Steinberg: It's that irrelevant time of the year again

June 30, 2012|By Leigh Steinberg
(Courtesy of Northern…)

Where will the "Happiest Place on Earth" be this week? No, not Disneyland, although it is also in Orange County. It will be in Newport Beach, as the annual wackiness known as Irrelevant Week takes place at multiple venues.

"Doing something nice for no good reason" is the motivation that Paul Salata used for inspiration back in 1976 when he decided to honor the dead last player taken in the NFL Draft. He created the "Lowsman Trophy" as the award, which features a bronze rendition of a player fumbling a football.

The player and his family are flown to Newport Beach, taken out on the bay, then to Disneyland and feted at a banquet. Numerous local businesses and sports franchises donate a glittering array of presents for the honoree. It wasn't until I moved to Newport Beach in the late 80s that I had any idea why Paul Salata would be at the NFL Draft in New York each year announcing the final pick. He asked me to be a presenter/roaster in 1989 and it has been a highlight of mine ever since.


Salata is a civic treasure with a hilariously satirical bent, and his daughter Melanie Salata Fitch inherited the same zany sense of humor and passion for doing good. I caught up with Melanie last week, in the midst of frenetic preparations and asked her for some of her favorite moments.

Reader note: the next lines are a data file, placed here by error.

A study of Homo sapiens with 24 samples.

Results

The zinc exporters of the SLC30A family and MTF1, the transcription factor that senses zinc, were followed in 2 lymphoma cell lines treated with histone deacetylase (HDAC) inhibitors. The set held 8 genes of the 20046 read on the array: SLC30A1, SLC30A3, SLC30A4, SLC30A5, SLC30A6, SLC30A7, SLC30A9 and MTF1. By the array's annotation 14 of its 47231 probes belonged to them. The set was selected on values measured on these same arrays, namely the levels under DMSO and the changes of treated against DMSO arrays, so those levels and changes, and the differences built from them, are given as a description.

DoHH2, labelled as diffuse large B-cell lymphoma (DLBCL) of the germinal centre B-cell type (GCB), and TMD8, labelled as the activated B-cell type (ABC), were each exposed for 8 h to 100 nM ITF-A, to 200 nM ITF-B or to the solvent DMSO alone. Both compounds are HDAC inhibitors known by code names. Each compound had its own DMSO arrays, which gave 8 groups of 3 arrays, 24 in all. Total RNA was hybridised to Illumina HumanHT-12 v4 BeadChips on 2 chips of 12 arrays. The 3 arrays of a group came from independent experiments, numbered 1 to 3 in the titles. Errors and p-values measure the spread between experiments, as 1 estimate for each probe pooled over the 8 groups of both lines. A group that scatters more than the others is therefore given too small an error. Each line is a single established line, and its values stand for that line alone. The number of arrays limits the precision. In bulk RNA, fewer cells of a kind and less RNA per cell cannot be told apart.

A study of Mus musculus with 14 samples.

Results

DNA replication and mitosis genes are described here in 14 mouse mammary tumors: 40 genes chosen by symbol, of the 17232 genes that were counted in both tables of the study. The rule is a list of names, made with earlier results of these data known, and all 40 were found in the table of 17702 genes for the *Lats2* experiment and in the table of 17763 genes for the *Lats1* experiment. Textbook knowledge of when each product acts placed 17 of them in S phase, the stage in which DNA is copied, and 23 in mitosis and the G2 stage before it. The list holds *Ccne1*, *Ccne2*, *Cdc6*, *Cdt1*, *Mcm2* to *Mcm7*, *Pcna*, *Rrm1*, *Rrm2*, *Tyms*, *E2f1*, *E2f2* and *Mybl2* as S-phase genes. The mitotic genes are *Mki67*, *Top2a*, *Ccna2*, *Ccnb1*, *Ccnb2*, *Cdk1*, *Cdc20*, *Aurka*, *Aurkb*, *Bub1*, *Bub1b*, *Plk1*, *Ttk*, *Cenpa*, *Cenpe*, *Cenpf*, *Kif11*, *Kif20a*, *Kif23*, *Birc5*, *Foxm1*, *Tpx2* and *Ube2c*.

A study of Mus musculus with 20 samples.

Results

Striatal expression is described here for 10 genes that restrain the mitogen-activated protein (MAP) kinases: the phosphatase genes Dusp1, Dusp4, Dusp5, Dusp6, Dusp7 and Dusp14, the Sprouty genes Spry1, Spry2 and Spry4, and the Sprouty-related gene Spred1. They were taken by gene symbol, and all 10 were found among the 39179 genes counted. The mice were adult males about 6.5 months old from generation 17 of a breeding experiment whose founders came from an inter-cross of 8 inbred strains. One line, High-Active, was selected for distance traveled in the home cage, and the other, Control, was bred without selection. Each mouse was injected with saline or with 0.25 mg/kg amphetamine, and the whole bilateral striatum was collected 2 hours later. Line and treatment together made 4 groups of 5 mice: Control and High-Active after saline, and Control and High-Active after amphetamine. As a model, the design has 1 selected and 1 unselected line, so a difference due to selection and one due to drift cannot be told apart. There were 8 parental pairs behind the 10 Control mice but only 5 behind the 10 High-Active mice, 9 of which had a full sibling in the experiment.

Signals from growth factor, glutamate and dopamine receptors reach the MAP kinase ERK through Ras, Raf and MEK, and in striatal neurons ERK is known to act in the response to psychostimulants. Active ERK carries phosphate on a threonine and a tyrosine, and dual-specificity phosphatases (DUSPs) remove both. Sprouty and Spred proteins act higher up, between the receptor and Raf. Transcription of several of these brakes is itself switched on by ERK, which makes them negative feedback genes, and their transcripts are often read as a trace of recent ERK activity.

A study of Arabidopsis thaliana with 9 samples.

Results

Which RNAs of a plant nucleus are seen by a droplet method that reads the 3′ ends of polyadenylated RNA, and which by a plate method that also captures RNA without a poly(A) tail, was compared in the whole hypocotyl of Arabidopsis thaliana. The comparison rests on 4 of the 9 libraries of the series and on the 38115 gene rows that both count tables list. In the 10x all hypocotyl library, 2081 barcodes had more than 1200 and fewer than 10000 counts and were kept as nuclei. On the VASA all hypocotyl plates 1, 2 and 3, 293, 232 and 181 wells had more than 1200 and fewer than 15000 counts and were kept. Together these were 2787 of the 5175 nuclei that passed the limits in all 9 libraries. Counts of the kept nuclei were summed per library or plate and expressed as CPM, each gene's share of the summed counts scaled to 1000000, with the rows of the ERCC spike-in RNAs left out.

"In 1997 we delivered Ronnie McAda, who went to the military academy on a rocket launcher," she recalled. "When we brought Ramzee Robinson to the 2007 banquet on the Dunes whale it might have been better."

She was also in charge of finding accommodations for the honoree Tevita Ofahengaue from Utah in 2001, who brought along 63 family members.

"We changed the family rule shortly after," she said.

In the early days of Irrelevant week the draft was 17 rounds, and then reduced to 12, so being selected last in the draft made making an NFL roster a distant dream.

In the first 13 years only two players made the roster – quarterback Bill Kenney made the Chiefs in 1978 and eventually started and made the Pro Bowl. The late John Tuggle, a fullback, was a reliable player for the New York Giants.

The draft has now been reduced to seven rounds. Because of salary cap constraints, teams that have star players commanding large cap-eating contracts need to be backed up by younger, lower paid players. Teams need all their draft picks to make the roster to allow them cap flexibility.